Jeremy Corbyn hosted a protest event in Parliament, promoted as “Auschwitz to Gaza” comparing the Jewish state to Nazis, on Holocaust Memorial Day when Britons remember those killed by Nazis and in other genocides.
The Labour leader spoke at and opened a talk in the House of Commons, entitled “Never Again for Anyone – Auschwitz to Gaza”, in 2010 when he was a backbench MP.
The main talk was called “The Misuse of the Holocaust for Political Purposes”. Mr Corbyn has now issued an unusual apology since it was exposed by The Times.
He acknowledged he had appeared with people “whose views I completely reject” and apologised for the “concerns and anxiety” it caused.
Mr Corbyn said: “The main speaker at this Holocaust Memorial Day meeting was a Jewish Auschwitz survivor. Views were expressed at the meeting, which I do not accept or condone.
“In the past, in pursuit of justice for the Palestinian people and peace in Israel/Palestine, I have on occasion appeared on platforms with people whose views I completely reject. I apologise for the concerns and anxiety that this has caused.”
The Labour MP John Mann said it was “extraordinary” for an MP to have hosted such an event and questioned why people would “protest” on a day for remembering victims of genocide.
“It breaches any form of normal decency. I am not sure how he got himself into that situation but I am pleased he apologised,” he said on BBC Radio 4’s Today programme.
— Campaign Against Antisemitism (@antisemitism) July 31, 2018
Also Wednesday, the Campaign Against Antisemitism (CAA) referred Labour to the Equality and Human Rights Commission and made a complaint to Labour about Mr Corbyn’s handling of anti-Semitism.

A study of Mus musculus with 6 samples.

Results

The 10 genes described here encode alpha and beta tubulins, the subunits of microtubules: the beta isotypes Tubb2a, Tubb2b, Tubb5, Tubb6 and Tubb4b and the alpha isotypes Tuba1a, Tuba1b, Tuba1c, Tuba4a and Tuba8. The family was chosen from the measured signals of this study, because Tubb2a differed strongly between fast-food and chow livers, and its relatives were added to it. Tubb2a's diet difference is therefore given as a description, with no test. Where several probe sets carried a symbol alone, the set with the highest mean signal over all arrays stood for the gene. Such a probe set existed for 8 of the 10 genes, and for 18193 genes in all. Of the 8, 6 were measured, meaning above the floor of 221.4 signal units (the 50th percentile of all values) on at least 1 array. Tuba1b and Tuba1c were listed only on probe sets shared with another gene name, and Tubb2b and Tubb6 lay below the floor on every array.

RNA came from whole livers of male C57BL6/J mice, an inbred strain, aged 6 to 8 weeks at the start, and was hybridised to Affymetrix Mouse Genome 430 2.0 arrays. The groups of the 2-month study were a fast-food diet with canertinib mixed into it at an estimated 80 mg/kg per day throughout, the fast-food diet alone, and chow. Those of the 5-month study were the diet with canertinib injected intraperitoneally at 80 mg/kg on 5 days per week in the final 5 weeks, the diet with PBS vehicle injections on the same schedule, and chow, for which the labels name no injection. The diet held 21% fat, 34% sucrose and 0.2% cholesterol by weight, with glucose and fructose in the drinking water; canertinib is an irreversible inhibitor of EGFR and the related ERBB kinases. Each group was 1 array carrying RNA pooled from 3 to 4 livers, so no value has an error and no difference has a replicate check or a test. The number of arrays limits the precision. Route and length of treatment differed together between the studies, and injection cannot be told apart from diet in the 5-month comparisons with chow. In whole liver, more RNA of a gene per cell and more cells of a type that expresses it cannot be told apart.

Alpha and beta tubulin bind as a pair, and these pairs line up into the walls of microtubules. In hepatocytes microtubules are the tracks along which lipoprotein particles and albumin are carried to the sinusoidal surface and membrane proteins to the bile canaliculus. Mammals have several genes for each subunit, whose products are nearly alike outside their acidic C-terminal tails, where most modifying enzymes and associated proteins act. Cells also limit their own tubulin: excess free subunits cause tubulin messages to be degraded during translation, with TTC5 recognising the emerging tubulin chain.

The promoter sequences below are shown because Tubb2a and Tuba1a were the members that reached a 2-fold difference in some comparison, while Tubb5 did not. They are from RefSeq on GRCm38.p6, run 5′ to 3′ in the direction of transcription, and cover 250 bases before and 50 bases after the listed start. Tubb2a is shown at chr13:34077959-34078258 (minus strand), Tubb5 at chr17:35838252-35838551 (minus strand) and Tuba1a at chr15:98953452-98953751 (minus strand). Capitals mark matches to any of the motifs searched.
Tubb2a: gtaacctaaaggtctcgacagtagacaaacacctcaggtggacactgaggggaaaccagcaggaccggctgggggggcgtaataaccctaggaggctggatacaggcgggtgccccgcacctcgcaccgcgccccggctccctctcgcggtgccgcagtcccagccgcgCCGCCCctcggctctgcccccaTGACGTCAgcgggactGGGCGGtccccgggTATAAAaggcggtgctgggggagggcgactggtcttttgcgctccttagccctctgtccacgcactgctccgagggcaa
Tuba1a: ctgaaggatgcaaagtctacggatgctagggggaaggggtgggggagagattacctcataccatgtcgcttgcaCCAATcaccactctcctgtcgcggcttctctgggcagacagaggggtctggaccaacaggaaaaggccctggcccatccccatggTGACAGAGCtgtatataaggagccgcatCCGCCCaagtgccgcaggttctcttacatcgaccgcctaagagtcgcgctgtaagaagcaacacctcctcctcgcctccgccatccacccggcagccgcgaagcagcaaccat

The CAA wrote in a letter to the watchdog: “We charge that the party has, through years of deliberate or reckless dereliction of its duty to enforce its own rules, created an atmosphere in which Jewish members and/or associates are discriminated against.”
The day before, on Tuesday, a recording of a Labour National Executive Committee (NEC) member and key ally of Mr Corbyn berating Jewish “Trump fanatics” for inventing claims of anti-Semitism in the party was published.
Mr Corbyn is yet to comment on or condemn the remarks, and was present at the meeting when they were made.
Also at that meeting, the NEC discussed the fact Labour has failed to adopt an internationally recognised definition of anti-Semitism, which has exacerbated the long-running scandal.
The new code was rejected as “toothless” by angry campaigners and community groups when it was first released last month.
Labour politicians including Dame Margaret Hodge, who have attacked Mr Corbyn for alleged anti-Semitism, are currently being investigated by the party, as well as over 250 complaints of anti-Semitic abuse amongst the membership.